Saudi inflation dips below 4%

Decline was a result of lower rents and food prices

Inflation in Saudi Arabia dipped below four per cent in August for the first time in nearly three years because of lower rents and food prices.

Year-on-year inflation dropped to 3.8 percent from four percent in July, the first time since October 2009, the Riyadh-based Jadwa Investment said in a study. “Lower food and rental inflation caused most of the fall, yet both remained the most contributor adding 2.8 percentage point to the rise in the overall inflation index,” said the study, sent to Emirates 24/7.

It said both rental and food inflation fell to their lowest level this year in August, adding that rents for flats continue to outpace those for villas, growing at 11 percent and 5.7 percent in year-on-year terms, respectively.

“While we do not think that the recently-approved mortgage law will have a short-term impact on rental inflation, the decline suggests that more new housing stock is entering the market particularly given the strong construction sector performance over the last year.”

Within the food category, the report showed, prices of cereal and cereal products slipped by 1.1 percent while meat and poultry prices rose by 1.1 percent.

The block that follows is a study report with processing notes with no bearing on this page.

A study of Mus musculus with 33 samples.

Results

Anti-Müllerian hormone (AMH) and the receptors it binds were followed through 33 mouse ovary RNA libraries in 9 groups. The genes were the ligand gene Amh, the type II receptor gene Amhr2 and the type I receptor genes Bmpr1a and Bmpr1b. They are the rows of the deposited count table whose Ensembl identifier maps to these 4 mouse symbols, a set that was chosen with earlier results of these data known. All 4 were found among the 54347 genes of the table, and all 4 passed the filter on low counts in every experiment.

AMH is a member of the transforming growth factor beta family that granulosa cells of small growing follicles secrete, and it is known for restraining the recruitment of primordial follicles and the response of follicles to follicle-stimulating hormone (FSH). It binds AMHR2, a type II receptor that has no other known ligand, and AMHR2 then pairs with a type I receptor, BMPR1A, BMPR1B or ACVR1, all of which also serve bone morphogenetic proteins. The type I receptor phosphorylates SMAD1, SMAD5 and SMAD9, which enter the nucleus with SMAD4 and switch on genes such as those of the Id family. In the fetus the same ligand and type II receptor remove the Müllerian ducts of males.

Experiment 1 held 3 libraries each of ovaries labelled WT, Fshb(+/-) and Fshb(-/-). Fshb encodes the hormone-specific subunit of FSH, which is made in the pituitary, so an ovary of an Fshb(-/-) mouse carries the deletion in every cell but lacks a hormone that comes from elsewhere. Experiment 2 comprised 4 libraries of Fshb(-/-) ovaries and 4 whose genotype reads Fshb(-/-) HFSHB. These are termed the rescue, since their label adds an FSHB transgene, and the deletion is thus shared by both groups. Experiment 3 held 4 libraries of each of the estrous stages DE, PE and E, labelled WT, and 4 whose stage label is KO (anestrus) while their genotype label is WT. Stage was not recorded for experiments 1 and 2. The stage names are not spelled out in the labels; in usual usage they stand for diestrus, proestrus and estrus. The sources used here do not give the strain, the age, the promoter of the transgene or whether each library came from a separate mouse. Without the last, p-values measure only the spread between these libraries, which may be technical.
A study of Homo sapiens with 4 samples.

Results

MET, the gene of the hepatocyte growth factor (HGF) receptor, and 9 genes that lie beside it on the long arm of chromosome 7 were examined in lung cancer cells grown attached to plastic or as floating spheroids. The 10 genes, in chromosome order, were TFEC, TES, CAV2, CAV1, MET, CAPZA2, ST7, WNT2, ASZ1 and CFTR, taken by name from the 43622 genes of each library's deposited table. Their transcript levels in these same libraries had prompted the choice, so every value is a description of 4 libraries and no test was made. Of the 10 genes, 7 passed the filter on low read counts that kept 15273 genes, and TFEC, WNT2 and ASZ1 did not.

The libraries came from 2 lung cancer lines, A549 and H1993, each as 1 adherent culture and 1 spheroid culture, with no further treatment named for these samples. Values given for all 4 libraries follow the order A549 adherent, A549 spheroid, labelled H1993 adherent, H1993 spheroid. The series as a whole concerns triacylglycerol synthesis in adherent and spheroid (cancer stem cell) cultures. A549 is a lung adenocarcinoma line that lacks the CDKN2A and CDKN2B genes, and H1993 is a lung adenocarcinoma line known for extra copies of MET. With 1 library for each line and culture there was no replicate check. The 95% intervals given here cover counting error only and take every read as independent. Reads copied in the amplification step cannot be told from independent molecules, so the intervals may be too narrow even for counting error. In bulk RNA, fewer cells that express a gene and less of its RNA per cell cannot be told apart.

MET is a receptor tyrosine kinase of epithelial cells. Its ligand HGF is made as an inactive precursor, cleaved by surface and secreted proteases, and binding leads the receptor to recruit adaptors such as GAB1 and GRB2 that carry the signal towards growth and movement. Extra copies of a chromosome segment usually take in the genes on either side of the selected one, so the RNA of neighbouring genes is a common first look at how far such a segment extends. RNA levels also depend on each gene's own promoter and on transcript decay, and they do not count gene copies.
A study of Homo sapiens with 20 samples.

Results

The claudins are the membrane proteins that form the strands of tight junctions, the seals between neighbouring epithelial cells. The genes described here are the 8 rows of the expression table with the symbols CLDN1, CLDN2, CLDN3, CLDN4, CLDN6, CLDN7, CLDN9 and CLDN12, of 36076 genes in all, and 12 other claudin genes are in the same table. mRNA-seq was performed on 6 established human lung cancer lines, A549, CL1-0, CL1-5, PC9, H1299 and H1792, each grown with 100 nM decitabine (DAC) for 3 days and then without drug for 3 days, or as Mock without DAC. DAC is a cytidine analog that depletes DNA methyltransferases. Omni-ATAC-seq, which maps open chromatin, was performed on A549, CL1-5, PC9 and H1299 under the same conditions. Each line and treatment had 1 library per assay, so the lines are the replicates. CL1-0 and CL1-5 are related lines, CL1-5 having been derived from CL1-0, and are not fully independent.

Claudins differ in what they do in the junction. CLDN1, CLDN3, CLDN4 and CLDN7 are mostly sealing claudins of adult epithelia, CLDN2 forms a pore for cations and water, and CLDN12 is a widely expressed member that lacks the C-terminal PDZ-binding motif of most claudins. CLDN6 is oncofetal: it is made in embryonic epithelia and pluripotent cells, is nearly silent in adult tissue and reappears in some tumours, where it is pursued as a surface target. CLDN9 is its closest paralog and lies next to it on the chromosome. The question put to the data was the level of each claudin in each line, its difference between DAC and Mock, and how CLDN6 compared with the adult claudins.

For the overall food group, the slower inflation is mostly due to a large base effect in August 2011, it added.

“Year-on-year inflation has now fallen for six consecutive months despite seasonal factors during the last two months. We think that a temporary pick-up in food inflation may happen over the next few months owing to summertime droughts in the US and Eastern Europe,” it said.

“While overall international food prices eased in August this is mainly due to sharp fall in sugar prices which offset rising meat and dairy prices.”

Jadwa projected annual inflation to slip to around 4.6 per cent in 2012 from five per cent in 2011 and 5.4 per cent in 2010. Inflation in Saudi Arabia, the world’s dominant oil exporter, soared to its highest annual level of 9.9 per cent in 2008 following a sharp rise in rents, world food prices, strong domestic demand and a weakening in the US dollar, to which the Saudi riayalis pegged.